By Nivea Serrao
Danny Latimer may be dead, but as “Broadchurch” kicks off its second season, it’s clear he’s not forgotten. The BBC America series picks up just as his friends and family are preparing for his murderer’s trial. This gives us a chance to not just catch up on what’s happened in the months following the reveal of his killer, but we’re once again reminded that this show is as much about the effects and aftermath of a small-town murder as it us about a whodunnit itself.
Not that this season will be without its own mystery to solve. This series delves further into the case Alec Hardy was last working on before he moved to the once-sleepy seaside town. Nicknamed “Sandbrook” after the town the murder took place in, the case involves the murder of two cousins, allegedly by Lee Ashworth, the next door neighbor of one of the girls (James D’Arcy in a role that’s very far away from Jarvis from “Agent Carter”).
This introduces us to Claire Ashworth, one of the new characters who will be playing a big part this season. She is Lee’s wife and the witness who testified against him. She also allows us a glimpse into Alec’s past, letting us see the emotional tie he has to someone who isn’t Ellie. Up until now, DI Hardy has been using Danny’s death to escape the blowback of Sandbrook, while Ellie has provided the emotional weight of knowing and being connected to most of the people involved in this case. Season 2 switches things up: now it’s Alec who’s emotionally invested while Ellie throws herself into her new job as a traffic cop in Devon.
The inclusion of Sandbrook infuses this season with some of the tension that made the first one so compelling. No doubt the show is going to take on a journey through all of the possible suspects. After all, if there is one thing “Broadchurch” is not short on it is tension and questions — potentially this little town’s biggest exports.
But Alec isn’t the only one haunted by the Ghost of a Murderer Gone Free. Ellie finds herself in what might be a similar predicament when her former husband – and current murderer on trial – Joe pleads “Not Guilty” at his sentencing hearing. This gives us Series 2’s first WTF moment (seriously, WTF?!): if it was hard to believe that mild-mannered family man Joe was behind Danny’s death, it’s harder to believe that this confessed murderer could plead anything else. (Cue Olivia Colman’s quivering lip.)
However, his doing so allows series creator Chris Chibnall to not only mine Danny’s death for further effect and emotional turmoil for everyone involved, but it allows us to slowly investigate each of the characters’ actions and motives for their current activities as they take to the stand to testify over the course of the trial. This is heightened all the more by our knowledge of what each character might be hiding. Rev. Paul Coates has been secretly counseling Joe, while Mark has been lying so he can hang out with his dead son’s former best friend (who also happens to be Ellie and Joe’s son). If Season 1 was a guessing game, Season 2 is more of a chess match, as we wait to see when each eventual reveal will come.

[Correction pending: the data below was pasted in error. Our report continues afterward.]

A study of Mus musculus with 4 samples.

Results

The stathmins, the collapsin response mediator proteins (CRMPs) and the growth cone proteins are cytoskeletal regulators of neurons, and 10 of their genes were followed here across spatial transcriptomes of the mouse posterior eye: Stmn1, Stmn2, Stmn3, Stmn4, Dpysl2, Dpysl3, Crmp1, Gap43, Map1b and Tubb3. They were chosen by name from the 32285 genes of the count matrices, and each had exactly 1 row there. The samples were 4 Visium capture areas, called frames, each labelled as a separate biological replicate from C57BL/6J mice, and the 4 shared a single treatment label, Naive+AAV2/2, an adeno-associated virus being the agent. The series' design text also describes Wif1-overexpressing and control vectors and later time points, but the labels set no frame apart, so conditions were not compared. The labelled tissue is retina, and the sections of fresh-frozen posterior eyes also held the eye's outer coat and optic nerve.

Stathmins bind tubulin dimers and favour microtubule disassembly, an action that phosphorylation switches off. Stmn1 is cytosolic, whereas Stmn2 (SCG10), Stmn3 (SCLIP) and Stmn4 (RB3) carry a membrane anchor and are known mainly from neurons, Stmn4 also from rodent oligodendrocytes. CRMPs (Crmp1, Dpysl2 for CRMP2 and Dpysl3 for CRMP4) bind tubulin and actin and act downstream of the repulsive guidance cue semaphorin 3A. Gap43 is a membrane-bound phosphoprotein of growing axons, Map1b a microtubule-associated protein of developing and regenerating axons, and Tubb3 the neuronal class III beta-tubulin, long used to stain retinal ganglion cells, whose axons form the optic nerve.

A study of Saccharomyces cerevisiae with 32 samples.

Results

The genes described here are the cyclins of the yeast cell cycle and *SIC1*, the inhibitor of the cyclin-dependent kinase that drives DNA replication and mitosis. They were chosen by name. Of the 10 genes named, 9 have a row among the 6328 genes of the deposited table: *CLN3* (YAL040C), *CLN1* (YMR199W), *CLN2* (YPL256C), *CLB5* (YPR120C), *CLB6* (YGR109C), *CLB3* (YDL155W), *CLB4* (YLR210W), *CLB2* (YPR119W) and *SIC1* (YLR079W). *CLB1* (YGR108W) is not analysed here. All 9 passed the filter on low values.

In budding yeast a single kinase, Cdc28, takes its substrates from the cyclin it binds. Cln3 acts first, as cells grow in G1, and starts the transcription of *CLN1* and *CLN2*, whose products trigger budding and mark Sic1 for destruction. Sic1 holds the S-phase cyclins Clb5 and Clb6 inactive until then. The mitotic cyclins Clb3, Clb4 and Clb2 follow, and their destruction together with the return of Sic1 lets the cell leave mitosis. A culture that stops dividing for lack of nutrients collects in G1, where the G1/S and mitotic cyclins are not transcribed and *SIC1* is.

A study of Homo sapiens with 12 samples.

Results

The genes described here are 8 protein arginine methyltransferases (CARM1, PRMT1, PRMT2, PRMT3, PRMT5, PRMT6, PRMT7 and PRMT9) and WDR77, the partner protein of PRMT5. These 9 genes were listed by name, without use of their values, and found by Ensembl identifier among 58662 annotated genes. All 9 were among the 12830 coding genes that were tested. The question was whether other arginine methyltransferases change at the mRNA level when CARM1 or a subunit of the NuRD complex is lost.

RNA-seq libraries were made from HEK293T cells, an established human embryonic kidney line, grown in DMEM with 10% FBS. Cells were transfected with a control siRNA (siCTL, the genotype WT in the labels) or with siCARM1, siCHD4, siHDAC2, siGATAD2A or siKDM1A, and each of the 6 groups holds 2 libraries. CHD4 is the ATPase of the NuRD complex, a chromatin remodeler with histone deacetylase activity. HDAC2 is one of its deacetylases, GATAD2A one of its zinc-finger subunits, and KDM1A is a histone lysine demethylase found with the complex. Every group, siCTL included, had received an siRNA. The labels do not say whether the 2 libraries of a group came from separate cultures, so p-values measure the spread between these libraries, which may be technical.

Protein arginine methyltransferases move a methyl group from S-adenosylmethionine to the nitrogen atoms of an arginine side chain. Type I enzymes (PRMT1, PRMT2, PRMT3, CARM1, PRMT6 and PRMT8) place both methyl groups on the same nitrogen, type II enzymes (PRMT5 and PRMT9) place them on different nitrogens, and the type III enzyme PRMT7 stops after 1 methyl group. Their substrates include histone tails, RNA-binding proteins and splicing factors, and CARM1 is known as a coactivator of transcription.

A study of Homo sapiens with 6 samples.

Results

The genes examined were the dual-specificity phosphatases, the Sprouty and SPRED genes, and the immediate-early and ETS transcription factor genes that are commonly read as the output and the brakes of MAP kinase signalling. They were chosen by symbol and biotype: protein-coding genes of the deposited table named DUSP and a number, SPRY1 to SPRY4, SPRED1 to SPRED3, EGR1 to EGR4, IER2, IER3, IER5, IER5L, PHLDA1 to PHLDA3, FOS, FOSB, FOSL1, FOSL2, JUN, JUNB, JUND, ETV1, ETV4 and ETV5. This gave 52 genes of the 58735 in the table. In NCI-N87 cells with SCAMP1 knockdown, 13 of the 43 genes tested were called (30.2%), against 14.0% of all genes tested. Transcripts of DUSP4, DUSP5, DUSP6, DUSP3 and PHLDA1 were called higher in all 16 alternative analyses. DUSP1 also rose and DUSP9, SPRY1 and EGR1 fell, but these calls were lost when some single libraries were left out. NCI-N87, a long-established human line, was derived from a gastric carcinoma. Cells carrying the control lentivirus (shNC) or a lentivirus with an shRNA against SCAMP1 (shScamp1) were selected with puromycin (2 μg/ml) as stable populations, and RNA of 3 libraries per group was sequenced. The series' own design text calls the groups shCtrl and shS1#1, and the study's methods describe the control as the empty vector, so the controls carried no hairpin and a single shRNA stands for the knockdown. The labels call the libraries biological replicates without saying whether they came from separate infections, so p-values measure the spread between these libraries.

Extending this trial also throws some more new characters into the mix, specifically lawyer Jocelyn Knight (representing the Latimer family) and her opposing counsel and former protégé, Sharon Bishop (defending Joe Miller). Not only do they come in with their own rivalry baggage, but Knight and Bishop’s familiarity with one another gives them a rich dynamic and adds another layer of tension to the trial. How do you face off against someone who knows all of your tricks? It also gives the show something to explore other than Hardy and Miller’s guilt and the Latimer family’s grief and anger. (Side note: Their names, which clearly aren’t an accident, only extend the second series’ chess metaphor.)
Their introduction highlights something that this particular season of “Broadchurch” is doing particularly well: featuring a wealth of diverse female characters. This makes the show stand out in what is a sea of “critically acclaimed” dramas that feature few, if any, women. Instead it casts women in job positions that would usually be male by default and we see women playing lawyers, judges, editors-in-chief, and police officers – much like we might in real life. What’s more, most of these parts are positions of power, and at least three of these characters are women of color. (A woefully underrepresented group on television, outside of a Shonda Rhimes drama.)
Most of this episode feels lines being drawn and troops being readied, with both the prosecution and defense receiving new legal counsels as they prepare to go to trial. With Bishop already digging up Danny’s body for an autopsy, it’s clear that the gloves have come off and things are about to get messier.
* With Eve Myles and Marianne Jean-Baptiste joining the cast, the show’s “Doctor Who”/ “Torchwood” alumni count goes up to four.
* David Tennant and Olivia Colman’s comedic timing has never been better. The duo’s friction as partners allows them to glide between drama and comedy quite seamlessly.
* I think we found the show’s unofficial tagline: “Nobody’s innocent. Everybody’s hiding something.”
* Where did Alec get that taxi? How will he get back? Does “Broadchurch” have Uber?
* Wouldn’t Lee have found Claire if he simply followed Hardy around for a day? Especially since he suspected she was in town.
* Wigs make everything better.
But what about you? What did you think of Broadchurch’s return? Do you need a hug? Drop a comment below!
Nivea Serrao is a staff writer. Contact her at firstname.lastname@example.org.